Ronnie Ash



WATCH: High schooler Sydney McLaughlin makes her Olympic debut

Ashley Spencer posted the second-fastest time among qualifiers for the women’s 400, winning her heat in a time of 55.12 seconds. Dalilah Muhammad finished her heat in 55.33 seconds, with McLaughlin’s time of 56.32 seconds being fast enough to get her into the semis. Jamaica’s Ristananna Tracey was the lone runner to finish with a time under 55 seconds, as she finished in 54.88 seconds. Also among the semifinal qualifiers is reigning world champion Zuzana Hejnova of the Czech Republic, who finished in 55.54 seconds.

Ronnie Ash led three Americans who qualified for the semifinals of the men’s 110 hurdles with a time of 13.31 seconds, the second-fastest time of the night. Also qualifying for the semis were Devon Allen, who upon completion will return to the University of Oregon where he’s a wide receiver on the football team in addition to running track, and Jeff Porter. Allen finished his heat with a time of 13.41 seconds, with Porter finishing in 13.50 seconds.

WATCH: Devon Allen qualifies for men’s 110 hurdle semis

Jamaica’s Omar McLeod posted the fastest qualifying time, finishing in 13.27 seconds. Also among the qualifiers for the semifinals is France’s Dimitri Bascou, who finished fifth at last year’s World Championships, with a time of 13.31 seconds.

USA Track and Field wasn’t as fortunate in the women’s discus, as Kelsey Card, Shelbi Vaughan and Whitney Ashley all failed to qualify for the semifinals. Cuba’s Yaime Perez and China’s Su Xinyue were the only competitors to surpass the 65 meter mark in qualifying, with Perez’s throw of 65.38 meters leading the way and Su in second with a throw of 65.14 meters.

Aries Merritt misses Rio spot by .01 seconds; Oregon WR wins Olympic Trials

Aries Merritt

The University of Oregon receiver and hurdler for the Ducks track team became a U.S. Olympian on Saturday.

Allen won the 110-meter hurdles at trials and celebrated by racing over to the seats and jumping into the stands to hug his family.

“It was a really exciting moment for me,” said Allen, who became the first man to win the 110 hurdles at trials and NCAA championships since 1956. “It’s something I wanted to share with my family. I’m glad they could be here.”

Allen won in a school-record time of 13.03 seconds, holding off runner-up Ronnie Ashand Jeff Porter. The rest of the results were as surprising as the three qualifiers for Rio.

Defending Olympic champion Aries Merritt finished fourth, falling just short of making the team after a kidney transplant. Jason Richardson, 2012 Olympic silver medalist, was fifth, and 2008 Olympic bronze medalist David Oliver withdrew just before the final with a tweaked left hamstring.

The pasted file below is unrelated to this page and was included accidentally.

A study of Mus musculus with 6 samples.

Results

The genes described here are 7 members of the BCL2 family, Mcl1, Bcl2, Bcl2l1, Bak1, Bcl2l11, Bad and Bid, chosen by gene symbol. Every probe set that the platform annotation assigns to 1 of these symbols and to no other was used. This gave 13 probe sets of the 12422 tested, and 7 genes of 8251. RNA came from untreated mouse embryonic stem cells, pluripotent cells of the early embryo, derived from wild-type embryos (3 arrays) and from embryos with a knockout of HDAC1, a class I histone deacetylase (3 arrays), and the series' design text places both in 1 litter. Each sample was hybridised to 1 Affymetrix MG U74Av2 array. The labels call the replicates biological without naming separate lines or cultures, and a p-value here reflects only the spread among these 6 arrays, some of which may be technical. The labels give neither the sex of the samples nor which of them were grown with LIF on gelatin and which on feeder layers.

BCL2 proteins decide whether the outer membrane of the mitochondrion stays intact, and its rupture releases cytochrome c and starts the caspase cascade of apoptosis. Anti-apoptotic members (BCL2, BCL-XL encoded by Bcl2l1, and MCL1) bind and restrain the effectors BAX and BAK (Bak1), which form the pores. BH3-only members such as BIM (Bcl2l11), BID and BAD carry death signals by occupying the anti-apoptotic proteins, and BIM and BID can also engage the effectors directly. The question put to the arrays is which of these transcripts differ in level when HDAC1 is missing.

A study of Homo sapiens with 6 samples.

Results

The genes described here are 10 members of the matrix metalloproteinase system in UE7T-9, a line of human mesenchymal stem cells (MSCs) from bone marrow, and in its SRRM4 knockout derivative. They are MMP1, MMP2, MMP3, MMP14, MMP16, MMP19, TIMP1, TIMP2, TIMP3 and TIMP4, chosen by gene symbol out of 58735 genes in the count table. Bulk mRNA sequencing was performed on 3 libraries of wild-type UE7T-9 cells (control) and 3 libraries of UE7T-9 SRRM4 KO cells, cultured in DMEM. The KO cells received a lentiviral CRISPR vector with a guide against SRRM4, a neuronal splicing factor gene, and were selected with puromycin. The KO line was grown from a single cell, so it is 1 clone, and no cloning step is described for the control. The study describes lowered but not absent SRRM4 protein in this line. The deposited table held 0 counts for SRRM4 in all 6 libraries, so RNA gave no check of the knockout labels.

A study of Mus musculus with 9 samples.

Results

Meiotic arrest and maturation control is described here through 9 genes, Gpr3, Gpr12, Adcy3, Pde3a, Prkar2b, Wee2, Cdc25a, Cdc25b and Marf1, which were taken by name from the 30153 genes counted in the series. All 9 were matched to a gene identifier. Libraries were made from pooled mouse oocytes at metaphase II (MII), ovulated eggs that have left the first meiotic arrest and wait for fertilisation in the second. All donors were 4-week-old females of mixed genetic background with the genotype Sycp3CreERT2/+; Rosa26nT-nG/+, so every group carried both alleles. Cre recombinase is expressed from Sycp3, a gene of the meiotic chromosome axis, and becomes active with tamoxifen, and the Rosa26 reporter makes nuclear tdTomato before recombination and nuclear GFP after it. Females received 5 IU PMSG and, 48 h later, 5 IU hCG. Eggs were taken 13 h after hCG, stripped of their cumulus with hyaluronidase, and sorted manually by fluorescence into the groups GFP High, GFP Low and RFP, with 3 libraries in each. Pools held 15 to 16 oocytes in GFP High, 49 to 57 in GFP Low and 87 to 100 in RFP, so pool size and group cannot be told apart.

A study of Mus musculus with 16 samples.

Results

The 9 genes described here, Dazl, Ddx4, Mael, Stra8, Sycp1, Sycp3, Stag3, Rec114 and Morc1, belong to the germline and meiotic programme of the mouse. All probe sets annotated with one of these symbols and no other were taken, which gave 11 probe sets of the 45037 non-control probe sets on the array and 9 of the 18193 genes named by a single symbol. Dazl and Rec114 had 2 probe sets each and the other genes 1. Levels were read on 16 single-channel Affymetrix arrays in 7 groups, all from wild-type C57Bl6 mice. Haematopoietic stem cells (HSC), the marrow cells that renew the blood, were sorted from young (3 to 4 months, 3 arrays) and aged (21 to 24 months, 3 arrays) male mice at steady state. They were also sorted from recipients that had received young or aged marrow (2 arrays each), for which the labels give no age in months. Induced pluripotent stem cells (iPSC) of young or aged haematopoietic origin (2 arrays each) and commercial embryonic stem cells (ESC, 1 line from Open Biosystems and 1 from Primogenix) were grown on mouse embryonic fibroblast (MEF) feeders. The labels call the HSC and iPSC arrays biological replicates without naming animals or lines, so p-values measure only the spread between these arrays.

“It seemed like age didn’t give you the experience factor that you’re used to,” the 30-year-old Richardson said. “It seemed like it was more of a handicap. Tried to will myself to this last Olympics.”

Merritt won a bronze medal at the 2015 world championships in Beijing on a kidney that was working at 10 percent capacity. After receiving a new one from his sister in September and going through another surgery because of complications in October, he hurt his groin five weeks ago and wasn’t in top form.

“For me to be where I am is a miracle,” said Merritt, the world-record holder in the event. “It’s a pity that I’m not going to the Games. I know in six weeks times I’ll be in much better shape and probably pull off something similar as I did in Beijing. However, that’s not the case.”

Still, his doctor said what Merritt pulled off is a medical marvel. To run so quick after the transplant was amazing. To run that quick and almost make the team? Indescribable.

“Every time Aries does something else, somehow gets to the next round, is one more thing to stand back and just say, ‘Wow,'” said Dr. Les Thomas, who treated Merritt at the Mayo Clinic in Arizona and was on hand for the trials. “Just for him to be here is unbelievable.”

Oliver was understandably disappointed, issuing a statement after the race: “Devastated I couldn’t run the final, hurt left hammy in the semi, but that’s part of the game. Hats off to the great guys we’re sending!”

Indeed, in Oregon, where the fans love track as much as football, the day’s final race was all about the Ducks.

The cheers by the Hayward Field crowd were so loud that Allen almost felt like he was playing down the road at Autzen Stadium. It’s the sort of roar reserved for football games.

“Can’t hear yourself talk,” Allen said.

After the race, he tossed T-shirts into the stands that had a picture of Allen on the front and the words “Team Allen” on the back.

Could be a valuable souvenir someday, if the Olympics turn out as good as the trials.

More than likely, Allen will miss the start of football camp to make the trip to Rio. He had nine catches for 94 yards last season as he eased back into action after tearing a ligament in his right knee during the Rose Bowl on Jan. 1, 2015.

Asked if he’s now a hurdler who plays football or the other way around, he just laughed.

“I’m just an athlete who likes to play football and run track,” Allen said. “Keep doing that while I can.”